His thoughts then shift as he gazes at the bottle housing his ADHD medications. Shrugging his shoulders taking the medication, he pours the milk into a cereal bowl. Mindlessly he begins to think about that kid Brian who he sees every morning at the bus stop. Brian helps him to feel powerful. Why, all he has to do is shake his fist at Brian and Brian begins to cry. "What a 'wuss!'" John thinks silently. Meanwhile, he sees his friends giving the thumbs up to his terrorization of Brian. A big smile comes upon Brian's face. He feels power-full. He has earned respect!
John's attention changes as he notices his mother stumbling and swaying out of the Master's bedroom. She rubs her eyes in disbelief as she gazes at her son clad in his white underwear. She then moves into the kitchen with hung-over eyes and throbbing head to grab a cup that will soon house some steaming hot coffee. Yes, this will help her throbbing head manifested by a night of several beers and tears over the loss of a lover who decided another woman's vagina was richer that hers.
"Same old story," she thinks.
Feeling used, neglected, depressed and alienated, she stumbles towards the metallic coffee maker, which started brewing a few minutes earlier by a computerized intelligence that knows the time she wakes up.
At least somebody cares, right? Praise the Lord for coffee machines!
John, meanwhile, keeps his back to his mother as he readies himself for school. It's like this every morning, day in and day out. Deep inside he experiences a sense of pain stemming from an alienation that he can't label. He just thinks he's weird. Deep down, he knows that he doesn't belong. After all, according to his mom, teachers, and probation officer he does nothing right.
It's feels different with his friends, though. They help him to feel "cool", especially when he picks on that boy, Brian, at the bus stop. Without fail, John makes Brian cry. Meanwhile, inside, John dies, unable to escape the lies that he makes up about himself. His friends shall never know its all a lie.
John stops to gaze at his mother. She doesn't notice him. He is an alien to a woman who is herself alienated in what appears to be an alien world. But John doesn't realize all this. He just thinks he's weird and so is she. He just doesn't belong in this life. He doesn't belong anywhere. Sometimes he wishes he had never been born.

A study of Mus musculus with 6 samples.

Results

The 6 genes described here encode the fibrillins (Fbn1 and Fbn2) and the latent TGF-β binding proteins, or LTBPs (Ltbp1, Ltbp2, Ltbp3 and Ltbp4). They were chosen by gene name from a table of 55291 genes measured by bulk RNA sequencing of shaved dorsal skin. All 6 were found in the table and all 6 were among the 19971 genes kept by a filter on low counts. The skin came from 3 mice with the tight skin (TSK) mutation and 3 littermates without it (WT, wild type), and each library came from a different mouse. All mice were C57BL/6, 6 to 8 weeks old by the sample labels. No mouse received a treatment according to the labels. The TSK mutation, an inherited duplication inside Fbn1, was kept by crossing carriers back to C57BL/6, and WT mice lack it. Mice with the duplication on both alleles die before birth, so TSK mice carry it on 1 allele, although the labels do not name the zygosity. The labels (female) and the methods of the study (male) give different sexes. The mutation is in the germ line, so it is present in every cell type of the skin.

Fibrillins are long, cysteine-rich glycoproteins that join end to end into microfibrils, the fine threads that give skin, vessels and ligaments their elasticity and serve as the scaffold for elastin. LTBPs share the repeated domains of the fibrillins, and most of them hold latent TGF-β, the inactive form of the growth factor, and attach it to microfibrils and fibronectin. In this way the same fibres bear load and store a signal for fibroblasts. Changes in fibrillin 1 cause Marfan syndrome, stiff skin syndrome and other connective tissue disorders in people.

In our modern age, we are facing many problems: (1) alienation from life reflecting a lack of belonging; (2) deteriorating places of beauty that touch the heart due to the commercial-corporate take over of our lives and Nature; (3) the devastation of the planet by what appears to be a "growth gone wild" mentality; and (4) an increasing focus on standardized ways of doing everything from the education of children to burying the dead.
In the meantime, many psychologists say that a primary issue of our day and age is alienation. Alienation from what? Life in general? Our Self? What is our Self if not our Nature?
How many of us go into an apartment (read apart-ment) and sit in front of a television and/or computer screen while having very little contact with sun, rain, wind and even the smell of our children's or lover's presence? Yes, we live psychologically in what we house ourselves in, apartments. We are, indeed, a part from life. We refuse being a part of it. Thus we have no sense of our Nature.
We are aliens breathing in and out the atmosphere of an alien planet. While we read reports of "Soul Sicknesses" such as anxiety and depression, we aren't able to see that our depressed and anxious life is due to a sense of not belonging, which stems from a system that is alienated from Nature.
Thus we tend to live in a standardized housing project and shop at standardized malls and box stores while living the good life within a standardized suburb in the good ole standardized US of A. As John Cougar sings in his "Ain't This America," we all live in little pink houses that serve as blinders to who we truly are. We too are standardized.